By Shana Lebowtiz
Why do some relationships end in marriage while others unravel? It seems like a complicated question — and it is, except maybe not quite as complicated as you might think.
According to 2015 research, led by Brian Ogolsky, Catherine A. Surra, and J. Kale Monk, at the University of Illinois at Urbana-Champaign and The Pennsylvania State University at Harrisburg and cited on Science of Relationships, you can help predict the eventual outcome of a relationship by figuring out which of four patterns it fits into.
As it turns out, relationships that fit a dramatic pattern— meaning there are lots of ups and downs — are most likely to result in a breakup.
For the study, researchers looked at nearly 400 heterosexual dating couples between ages 19 and 35. Over the course of nine months, the researchers conducted a number of interviews, during which they asked participants to indicate how likely it was that they thought they would marry their partners.
If the participants were either more or less sure that they would marry their partner than they were during the previous interview, the researchers asked them to indicate why.
Using the feedback from the interviews, the researchers generated four commitment patterns. Here’s how they broke it down:
The researchers write: “Dramatic commitments appear to have a relatively turbulent progression toward commitment that is riddled with negative views of the relationship.”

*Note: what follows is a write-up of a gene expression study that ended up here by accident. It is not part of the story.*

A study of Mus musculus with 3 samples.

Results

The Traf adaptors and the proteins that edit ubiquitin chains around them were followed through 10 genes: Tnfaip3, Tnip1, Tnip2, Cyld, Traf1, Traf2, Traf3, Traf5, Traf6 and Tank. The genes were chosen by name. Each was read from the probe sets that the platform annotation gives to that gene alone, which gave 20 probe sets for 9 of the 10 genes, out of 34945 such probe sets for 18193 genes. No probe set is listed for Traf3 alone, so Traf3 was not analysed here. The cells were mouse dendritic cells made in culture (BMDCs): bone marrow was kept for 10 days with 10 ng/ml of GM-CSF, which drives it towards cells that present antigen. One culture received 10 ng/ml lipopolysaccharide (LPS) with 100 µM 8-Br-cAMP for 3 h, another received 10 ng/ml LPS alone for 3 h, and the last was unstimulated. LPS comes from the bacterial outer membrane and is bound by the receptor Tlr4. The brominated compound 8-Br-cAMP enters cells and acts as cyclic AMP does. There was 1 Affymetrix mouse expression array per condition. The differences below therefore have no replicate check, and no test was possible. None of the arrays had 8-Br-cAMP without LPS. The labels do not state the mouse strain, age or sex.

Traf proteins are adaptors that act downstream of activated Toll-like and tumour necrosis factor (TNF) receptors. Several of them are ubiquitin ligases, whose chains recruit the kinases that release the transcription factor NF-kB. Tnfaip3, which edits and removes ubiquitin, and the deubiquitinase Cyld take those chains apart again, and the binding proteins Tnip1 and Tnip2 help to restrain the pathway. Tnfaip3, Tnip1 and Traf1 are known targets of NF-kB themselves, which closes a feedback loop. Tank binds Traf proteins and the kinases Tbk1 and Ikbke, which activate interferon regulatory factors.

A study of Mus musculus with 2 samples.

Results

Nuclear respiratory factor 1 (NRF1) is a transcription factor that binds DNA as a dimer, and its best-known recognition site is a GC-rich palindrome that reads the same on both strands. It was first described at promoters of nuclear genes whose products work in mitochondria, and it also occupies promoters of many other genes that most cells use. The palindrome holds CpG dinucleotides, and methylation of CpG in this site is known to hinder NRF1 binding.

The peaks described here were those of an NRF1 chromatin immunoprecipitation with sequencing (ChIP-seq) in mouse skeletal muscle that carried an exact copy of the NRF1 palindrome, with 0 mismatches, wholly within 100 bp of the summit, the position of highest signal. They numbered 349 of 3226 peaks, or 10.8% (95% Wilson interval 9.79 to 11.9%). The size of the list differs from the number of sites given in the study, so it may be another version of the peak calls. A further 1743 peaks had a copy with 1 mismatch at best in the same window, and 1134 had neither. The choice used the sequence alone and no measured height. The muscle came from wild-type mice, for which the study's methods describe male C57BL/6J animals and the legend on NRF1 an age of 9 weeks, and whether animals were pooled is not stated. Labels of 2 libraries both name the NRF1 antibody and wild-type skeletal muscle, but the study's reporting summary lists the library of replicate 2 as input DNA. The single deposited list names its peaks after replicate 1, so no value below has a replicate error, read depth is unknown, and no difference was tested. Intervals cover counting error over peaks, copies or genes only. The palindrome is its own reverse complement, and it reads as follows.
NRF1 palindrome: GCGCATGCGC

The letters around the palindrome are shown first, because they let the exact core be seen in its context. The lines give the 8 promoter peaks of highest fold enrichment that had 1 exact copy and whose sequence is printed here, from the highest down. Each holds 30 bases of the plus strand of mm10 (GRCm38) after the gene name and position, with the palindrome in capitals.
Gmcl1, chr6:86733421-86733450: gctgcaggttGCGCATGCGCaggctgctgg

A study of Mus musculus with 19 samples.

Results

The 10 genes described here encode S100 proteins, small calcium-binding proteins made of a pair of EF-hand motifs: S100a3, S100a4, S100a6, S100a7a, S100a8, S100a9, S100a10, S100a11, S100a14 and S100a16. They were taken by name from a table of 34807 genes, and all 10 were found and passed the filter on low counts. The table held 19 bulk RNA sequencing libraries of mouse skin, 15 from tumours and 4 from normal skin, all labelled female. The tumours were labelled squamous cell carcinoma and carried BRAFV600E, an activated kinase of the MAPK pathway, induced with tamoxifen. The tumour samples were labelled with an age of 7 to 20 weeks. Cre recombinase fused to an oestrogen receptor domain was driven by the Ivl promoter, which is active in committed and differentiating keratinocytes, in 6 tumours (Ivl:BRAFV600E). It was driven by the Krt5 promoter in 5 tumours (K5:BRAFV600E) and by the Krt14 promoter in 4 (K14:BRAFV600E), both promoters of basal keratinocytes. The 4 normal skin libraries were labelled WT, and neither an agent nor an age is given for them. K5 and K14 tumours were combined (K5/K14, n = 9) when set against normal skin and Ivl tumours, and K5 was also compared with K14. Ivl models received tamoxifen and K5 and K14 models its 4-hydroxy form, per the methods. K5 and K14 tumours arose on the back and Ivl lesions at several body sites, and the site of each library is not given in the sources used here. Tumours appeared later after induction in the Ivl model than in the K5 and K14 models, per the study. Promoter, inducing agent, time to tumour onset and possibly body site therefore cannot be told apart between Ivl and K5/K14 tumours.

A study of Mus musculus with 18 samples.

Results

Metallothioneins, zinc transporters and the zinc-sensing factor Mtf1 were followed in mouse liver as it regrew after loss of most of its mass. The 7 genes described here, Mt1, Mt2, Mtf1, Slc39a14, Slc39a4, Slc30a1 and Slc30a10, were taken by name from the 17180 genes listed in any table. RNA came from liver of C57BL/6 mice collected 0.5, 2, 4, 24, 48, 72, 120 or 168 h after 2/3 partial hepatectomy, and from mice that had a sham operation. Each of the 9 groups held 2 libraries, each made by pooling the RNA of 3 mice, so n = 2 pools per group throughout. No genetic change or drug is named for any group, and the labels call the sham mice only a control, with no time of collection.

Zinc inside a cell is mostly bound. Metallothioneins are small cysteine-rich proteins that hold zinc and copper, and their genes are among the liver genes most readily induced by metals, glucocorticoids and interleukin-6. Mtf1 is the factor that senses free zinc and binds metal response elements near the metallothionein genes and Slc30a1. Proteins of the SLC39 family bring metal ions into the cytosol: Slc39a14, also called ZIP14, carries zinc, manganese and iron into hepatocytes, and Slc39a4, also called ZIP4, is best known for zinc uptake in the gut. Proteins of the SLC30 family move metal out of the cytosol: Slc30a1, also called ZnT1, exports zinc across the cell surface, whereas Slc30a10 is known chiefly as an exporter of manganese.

This finding supports other research suggesting that relationships with a lot of conflict aren’t especially prone to breakups. (Instead, it may be more about how you fight.)
People in partner-focused relationships tended to spend a lot of their time together, as opposed to with their separate groups of friends. (In fact, research suggests that trying new things together may be one of the keys to a successful relationship.)
These findings suggest that the trajectory of your relationship may be more important than the average level of commitment.
For scientists, that means it might be wiser to measure these changes over time instead of taking a “snapshot” on one day in the lab. As for the rest of us, that gives us one more data point to use when assessing the strength of our relationships.
If you have an “off” day — or for that matter, a really great day — that doesn’t say a lot about the future of your relationship. Instead, think about how your thoughts and feelings about the relationship have changed since you first started dating, and why.
It’s hardly the only predictor of whether you’ll break up or get married, but it’s probably a good one.